The last remaining show people living in a historic part of Scotland’s biggest city say their way of life is under threat.
Travelling show folk have links with the Govan area of Glasgow going back more than 150 years. But an eviction notice was served last month in a long-running saga that now has a deadline just weeks away.
The last of the yards that accommodate the families and their fairground rides and amusements are at Water Row by the River Clyde. The yards were vacated by the former Harland and Wolff shipbuilders in the 1960s – and colonised soon after by show people.
But the tide of regeneration has caught up with the former industrial hinterland with plans for new homes and shops.
For the Stringfellow and the Johnston families, the march of progress has brought the prospect of having to move off the land they call home – and away from Govan.
The Stringfellows said that as things stand, no suitable alternative accommodation has been found for the family.
Around 70 people within the two extended families live in the two yards, housed in upwards of 17 caravans and mobile homes.
Their spokesman Jimmy Stringfellow, who is 69, said: “In Govan, our heritage goes back many, many years – to my grandparents and my great grandparents.
“We want to keep our heritage alive – because it’s not just our heritage it’s everybody’s heritage. If you can’t take your children or your grandchildren to a fair because there’s no fairs left, then children will say to you ‘What’s a fair? or ‘What is a circus?”
Over the years, the show people have received some support from local politicians including Nicola Sturgeon, Scotland’s First Minister, and transport minister Humza Yousaf. But the families say their SNP colleagues in the city’s new council administration are not for turning.
“They are spending billions of pounds on the Clyde, on each side of the river. They’re tidying it up, they’re putting bridges over it,” Mr Stringfellow said.
“They’re doing tonnes of things, which is progress – and you can’t stand in the way of progress. But you can’t be bulldozed into things now.”
Scotland has an estimated 4,000 show people – 80 per cent of whom are concentrated in Glasgow. If Glasgow City Council gets its way, the last two show families in Govan will be cleared off the site by the end of April.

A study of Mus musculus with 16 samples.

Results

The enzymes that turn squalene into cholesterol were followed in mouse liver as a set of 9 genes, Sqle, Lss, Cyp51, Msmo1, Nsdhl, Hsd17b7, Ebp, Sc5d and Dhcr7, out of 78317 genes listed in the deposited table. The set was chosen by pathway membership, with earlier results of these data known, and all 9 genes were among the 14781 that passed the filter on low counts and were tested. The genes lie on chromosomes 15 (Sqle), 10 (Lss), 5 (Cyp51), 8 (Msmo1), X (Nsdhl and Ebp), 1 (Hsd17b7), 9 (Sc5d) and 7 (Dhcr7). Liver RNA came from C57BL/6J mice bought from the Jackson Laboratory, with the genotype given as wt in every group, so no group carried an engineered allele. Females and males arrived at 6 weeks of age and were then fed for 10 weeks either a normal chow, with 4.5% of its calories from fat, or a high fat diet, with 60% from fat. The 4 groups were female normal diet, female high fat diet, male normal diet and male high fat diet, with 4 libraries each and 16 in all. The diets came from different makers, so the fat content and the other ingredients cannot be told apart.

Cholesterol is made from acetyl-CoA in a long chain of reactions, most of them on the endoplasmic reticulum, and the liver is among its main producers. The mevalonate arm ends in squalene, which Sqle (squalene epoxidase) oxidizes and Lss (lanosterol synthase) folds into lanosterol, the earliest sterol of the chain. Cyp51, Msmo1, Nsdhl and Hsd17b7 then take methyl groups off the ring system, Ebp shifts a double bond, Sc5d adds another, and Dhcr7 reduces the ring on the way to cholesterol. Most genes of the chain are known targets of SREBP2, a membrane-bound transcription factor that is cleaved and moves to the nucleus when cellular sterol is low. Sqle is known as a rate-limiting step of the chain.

Their departure raises the prospect of Govan’s link with Scotland’s show culture being severed. The families have ties with nearby Govan Old Parish Church going back generations. It’s where the community has been baptised, married and dispatched.
They have also been represented on local committees and played a part in organising events such as the annual Govan Fair.
But Mr Stringfellow said: “We are community that is getting lost – like the Americans did with the [Native] Indians. We are getting a similar situation here.
“When we got this yard it was a coup – a place where they dump all the rubbish they don’t want. And this seems to be happening with show people all over the country.
“They used to put them in a dump, where all the diseases and rubbish and everything is. So we cleaned it up and spent a bit of money on it – and now we’ve been here for 30 odd years.”
He added: “We’ve had – I don’t know how many – eviction notices to get off. And they’ve never improved the place, they’ve never spent one penny on the place…We just want to live like ordinary people.”
A Glasgow City Council spokesman said the authority was working with its partners to bring forward a masterplan for the area.
This would see potential for at least 130 new affordable homes and other commercial and leisure uses.
He added: “To allow the development of this site, which will play a key role in the transformation of Govan and the waterfront alongside a number of other projects in the next few years, the council and our partners have entered into discussions with the two families currently occupying the site in order to successfully relocate them.
“The council intends to continue to negotiate with both families with a view to finding alternative and mutually acceptable locations within the city boundaries.”